Feb
06

Tail Wag and Dog Psychology


To understand dog psychology better, you need to understand that the tail wag happens to be a primary expression tool for the little critter. Dogs use that for all kinds of expression. It’s up to you to interpret those wags according to context. Dogs use tail wags the way people can use a smile to mean anything from joy, to cunning or ridicule. If you are looking at a dog wagging his tail, you want to look at more than just the tail to be able to interpret that wag. It is kind of the way how when a person smiles at you, you look at more than just the mouth to interpret it; you look at the eyes, the rest of the body and so on.

Looking at the whole dog and not just the tail wag lets you understand dog psychology a lot better. A wagging tail on a dog that’s leaning forward ever so slightly shows that the dog is willing to come close to you. It can mean enthusiasm. A wag together with a bit of backward lean would suggest that he would like to be left alone. A dog that seems to be quite stiff and tall demonstrates tension. He could be tense for aggressive reasons or not; you need to proceed with caution. A dog can wag his tail through all of these.
dog wagging tail
Dog psychology dictates that there are different kinds of wags to interpret. A dog that happens to be standing stiff and wagging his tail in a slow back-and-forth motion is a dog that doesn’t want to be approached. If you approach in spite of all the warnings he’s giving you, he’ll probably lunge at you.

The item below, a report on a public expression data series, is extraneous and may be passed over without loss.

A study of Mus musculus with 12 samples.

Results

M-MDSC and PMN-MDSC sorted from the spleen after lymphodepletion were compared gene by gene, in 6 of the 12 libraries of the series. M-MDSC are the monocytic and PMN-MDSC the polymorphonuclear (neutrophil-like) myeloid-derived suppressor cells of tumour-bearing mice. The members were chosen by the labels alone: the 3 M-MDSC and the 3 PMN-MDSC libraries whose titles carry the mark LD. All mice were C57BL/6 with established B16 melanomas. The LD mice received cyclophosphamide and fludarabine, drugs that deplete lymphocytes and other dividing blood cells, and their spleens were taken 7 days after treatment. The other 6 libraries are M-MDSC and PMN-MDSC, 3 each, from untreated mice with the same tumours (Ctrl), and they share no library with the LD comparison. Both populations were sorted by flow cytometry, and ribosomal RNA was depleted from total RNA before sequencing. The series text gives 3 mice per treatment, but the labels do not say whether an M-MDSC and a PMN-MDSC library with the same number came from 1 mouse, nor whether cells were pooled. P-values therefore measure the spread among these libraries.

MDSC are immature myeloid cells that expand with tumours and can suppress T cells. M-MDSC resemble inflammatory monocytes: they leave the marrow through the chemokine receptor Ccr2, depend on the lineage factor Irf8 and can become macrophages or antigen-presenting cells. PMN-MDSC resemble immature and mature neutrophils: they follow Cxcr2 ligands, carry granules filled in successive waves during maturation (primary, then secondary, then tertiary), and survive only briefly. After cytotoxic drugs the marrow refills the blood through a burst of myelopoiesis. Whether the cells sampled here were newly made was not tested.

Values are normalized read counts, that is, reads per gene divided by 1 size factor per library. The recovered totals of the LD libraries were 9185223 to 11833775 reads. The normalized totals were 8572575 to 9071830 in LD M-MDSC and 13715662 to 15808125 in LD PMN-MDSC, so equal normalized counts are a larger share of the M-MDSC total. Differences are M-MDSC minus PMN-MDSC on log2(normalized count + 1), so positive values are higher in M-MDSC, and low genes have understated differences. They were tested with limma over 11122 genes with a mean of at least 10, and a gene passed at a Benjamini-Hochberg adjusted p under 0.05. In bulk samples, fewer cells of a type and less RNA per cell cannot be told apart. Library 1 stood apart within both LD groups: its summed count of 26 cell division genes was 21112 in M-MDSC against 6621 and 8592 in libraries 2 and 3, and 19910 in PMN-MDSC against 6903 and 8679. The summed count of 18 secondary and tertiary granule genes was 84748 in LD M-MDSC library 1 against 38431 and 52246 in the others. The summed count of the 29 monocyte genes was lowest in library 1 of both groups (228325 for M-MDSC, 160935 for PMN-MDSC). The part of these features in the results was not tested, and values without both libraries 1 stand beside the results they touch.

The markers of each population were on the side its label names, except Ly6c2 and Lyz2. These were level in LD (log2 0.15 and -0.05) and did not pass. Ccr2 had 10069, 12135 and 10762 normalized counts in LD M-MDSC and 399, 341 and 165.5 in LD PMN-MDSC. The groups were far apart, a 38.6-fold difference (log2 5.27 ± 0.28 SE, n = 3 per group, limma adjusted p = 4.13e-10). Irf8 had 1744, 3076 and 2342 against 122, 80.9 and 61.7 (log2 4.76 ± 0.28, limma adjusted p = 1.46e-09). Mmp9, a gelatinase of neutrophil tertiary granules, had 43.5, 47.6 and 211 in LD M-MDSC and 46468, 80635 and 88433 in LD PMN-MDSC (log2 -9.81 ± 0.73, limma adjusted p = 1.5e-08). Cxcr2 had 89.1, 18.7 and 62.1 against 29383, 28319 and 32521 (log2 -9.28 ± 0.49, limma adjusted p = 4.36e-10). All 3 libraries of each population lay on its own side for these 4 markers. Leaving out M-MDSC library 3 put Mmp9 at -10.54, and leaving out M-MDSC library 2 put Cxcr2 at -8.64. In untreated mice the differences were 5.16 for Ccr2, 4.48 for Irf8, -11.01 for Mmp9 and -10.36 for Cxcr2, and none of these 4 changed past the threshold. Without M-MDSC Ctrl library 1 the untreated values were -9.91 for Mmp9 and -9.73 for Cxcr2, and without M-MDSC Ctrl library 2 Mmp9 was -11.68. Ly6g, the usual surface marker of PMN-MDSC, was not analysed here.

The stiffer a dog’s tail is, the higher it goes. A stiff tail is usually an unfriendly sign – even if the tail happens to be wagging in any way.

A happy tail-wag is something you can recognize by a number of signs. Usually, a really happy dog will wag not just his tail but also his entire behind a little bit. The wags are usually in sweeps or in circles. The happy, friendly dog will have his ears pulled back, with his eyes squinting a little; and his body will be held a bit low.

Once you get to know a dog, it can be easy to interpret what he feels.